Blaise Cendrars – Complete Postcards From the Americas Poems of Road and Sea

DOCUMENTARIES

VIII.  VANCOUVER

Ten P.M. has just struck barely heard through the thick fog
  that muffles the docks and the ships in the harbor
The wharfs are deserted and the town is wrapped in sleep
You stroll along a low sandy shore swept by an icy wind
  and the long billows of the Pacific
That lurid spot in the dank darkness is the station of the
   Canadian Grand Trunk
And those bluish patches in the wind are the liners
  bound for the Klondike Japan and the West Indies
It is so dark that I can hardly make out the signs
  in the streets where hugging a heavy suitcase
  I am looking for a cheap hotel

Everyone is on board
The oarsmen are bent on their oars and the heavy craft
  loaded to the brim plows through the high waves
A small hunchback at the helm checks the tiller
  now and then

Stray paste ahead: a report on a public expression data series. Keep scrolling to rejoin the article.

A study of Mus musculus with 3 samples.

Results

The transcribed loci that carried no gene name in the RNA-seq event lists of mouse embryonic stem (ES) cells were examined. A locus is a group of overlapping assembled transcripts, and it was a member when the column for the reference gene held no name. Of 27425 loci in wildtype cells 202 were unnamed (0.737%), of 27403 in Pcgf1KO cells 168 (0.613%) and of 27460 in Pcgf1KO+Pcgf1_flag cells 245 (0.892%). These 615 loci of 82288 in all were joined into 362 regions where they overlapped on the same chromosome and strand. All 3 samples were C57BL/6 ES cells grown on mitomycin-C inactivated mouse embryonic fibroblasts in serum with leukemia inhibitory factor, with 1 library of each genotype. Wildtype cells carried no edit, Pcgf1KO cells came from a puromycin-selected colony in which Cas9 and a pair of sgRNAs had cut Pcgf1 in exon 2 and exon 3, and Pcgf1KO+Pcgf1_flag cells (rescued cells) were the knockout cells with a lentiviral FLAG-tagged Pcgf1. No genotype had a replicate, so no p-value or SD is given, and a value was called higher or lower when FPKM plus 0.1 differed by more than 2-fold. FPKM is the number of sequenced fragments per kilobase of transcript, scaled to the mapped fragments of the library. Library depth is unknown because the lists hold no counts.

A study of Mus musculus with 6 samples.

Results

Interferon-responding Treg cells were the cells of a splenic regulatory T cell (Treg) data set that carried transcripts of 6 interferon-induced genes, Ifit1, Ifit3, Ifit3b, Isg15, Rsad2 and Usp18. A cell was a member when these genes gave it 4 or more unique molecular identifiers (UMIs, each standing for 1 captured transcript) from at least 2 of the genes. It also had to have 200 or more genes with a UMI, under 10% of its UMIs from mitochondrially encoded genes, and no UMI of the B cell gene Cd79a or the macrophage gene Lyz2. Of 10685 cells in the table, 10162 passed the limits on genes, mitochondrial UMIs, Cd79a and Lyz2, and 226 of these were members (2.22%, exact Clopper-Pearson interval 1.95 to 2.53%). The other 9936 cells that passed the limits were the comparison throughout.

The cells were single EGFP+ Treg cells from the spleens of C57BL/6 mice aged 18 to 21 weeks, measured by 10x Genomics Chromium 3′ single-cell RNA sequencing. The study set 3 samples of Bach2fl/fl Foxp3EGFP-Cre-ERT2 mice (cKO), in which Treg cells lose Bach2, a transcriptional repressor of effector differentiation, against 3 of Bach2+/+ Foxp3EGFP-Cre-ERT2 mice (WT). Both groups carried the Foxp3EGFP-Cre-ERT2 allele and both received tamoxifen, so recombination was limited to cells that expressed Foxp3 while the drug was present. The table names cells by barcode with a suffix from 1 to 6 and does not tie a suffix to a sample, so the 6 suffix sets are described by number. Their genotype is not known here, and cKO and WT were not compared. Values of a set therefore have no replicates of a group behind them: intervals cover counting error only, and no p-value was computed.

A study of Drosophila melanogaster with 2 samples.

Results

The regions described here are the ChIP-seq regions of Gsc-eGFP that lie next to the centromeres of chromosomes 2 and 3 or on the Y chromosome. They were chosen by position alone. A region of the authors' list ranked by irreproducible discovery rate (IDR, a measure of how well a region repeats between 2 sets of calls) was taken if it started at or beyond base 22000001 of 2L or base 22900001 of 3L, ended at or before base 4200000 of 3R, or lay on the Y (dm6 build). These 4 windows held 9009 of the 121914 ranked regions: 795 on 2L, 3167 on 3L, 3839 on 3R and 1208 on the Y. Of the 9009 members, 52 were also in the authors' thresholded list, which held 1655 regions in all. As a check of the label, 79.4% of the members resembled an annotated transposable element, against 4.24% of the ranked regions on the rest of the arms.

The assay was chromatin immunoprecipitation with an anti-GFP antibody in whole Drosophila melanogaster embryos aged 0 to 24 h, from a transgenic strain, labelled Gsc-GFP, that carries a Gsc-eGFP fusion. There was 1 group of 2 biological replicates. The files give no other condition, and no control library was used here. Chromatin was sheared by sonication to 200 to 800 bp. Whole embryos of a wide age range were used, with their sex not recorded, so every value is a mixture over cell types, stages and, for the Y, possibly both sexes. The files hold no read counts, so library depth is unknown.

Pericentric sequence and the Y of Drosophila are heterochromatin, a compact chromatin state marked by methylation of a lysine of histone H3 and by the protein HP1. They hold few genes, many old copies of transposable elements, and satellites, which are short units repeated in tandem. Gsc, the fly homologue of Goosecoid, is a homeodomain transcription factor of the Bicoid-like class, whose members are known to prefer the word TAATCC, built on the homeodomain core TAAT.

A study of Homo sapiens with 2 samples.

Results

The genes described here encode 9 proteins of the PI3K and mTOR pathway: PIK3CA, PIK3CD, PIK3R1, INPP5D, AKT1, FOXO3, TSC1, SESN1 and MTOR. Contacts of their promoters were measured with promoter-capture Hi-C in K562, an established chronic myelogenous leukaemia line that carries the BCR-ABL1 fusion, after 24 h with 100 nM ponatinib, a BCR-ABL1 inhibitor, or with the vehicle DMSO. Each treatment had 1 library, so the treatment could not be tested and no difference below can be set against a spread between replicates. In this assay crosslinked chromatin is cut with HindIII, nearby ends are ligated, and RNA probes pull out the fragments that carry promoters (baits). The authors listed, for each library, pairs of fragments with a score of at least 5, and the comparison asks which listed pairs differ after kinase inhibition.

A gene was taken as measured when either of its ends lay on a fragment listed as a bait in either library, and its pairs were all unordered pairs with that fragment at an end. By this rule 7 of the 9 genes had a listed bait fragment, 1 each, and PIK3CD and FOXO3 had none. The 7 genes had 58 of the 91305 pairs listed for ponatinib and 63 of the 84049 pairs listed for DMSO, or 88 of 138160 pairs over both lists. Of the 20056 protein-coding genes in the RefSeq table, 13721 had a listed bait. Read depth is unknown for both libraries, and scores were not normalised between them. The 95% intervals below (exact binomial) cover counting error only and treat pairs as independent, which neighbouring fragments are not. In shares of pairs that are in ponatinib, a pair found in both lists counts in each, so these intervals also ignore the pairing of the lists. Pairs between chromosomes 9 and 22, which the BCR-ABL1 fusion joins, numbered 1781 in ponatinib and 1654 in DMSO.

Adjusting his steering through the fog to the calls
  of a foghorn
We bump against the dark bulk of the ship and on the
  starboard quarter Samoyed dogs are climbing up
Flaxen in the gray-white-yellow
As if fog was being taken in freight

Literature. Guest Contestant

  1. C Nicol says:

    Nice looking blog senor…looking forward to reading more – not about the dogs.

  2. Eve says:

    Steve,
    Way cool! So glad you launched into blogging.
    Samoyed dogs, hey?
    Okay, this is about the dogs.
    When I was 16 I worked at my dad’s service station (Rupert Royalite, at 1st and Rupert). As part of my duties, I cleaned all the windows on cars that came in for an oil change.
    One of the customers had a Samoyed dog, which he left in the car while it was being serviced. It watched me with interest from the driver’s side front seat while I washed the front windshield. When I switched to the back, it turned around and sat on the horn. It was clearly surprised by the noise, but didn’t mentally make the connection, just sat there, looking back over its shoulders, one side to another, baffled.
    Not nearly as evocative as Cendrars’ Samoyeds, but it’s what I’ve got.

  3. Jim says:

    I ate dog once. In south east asia. In the seventies. At least I think it was dog. ( it was the seventies ) Keep it coming.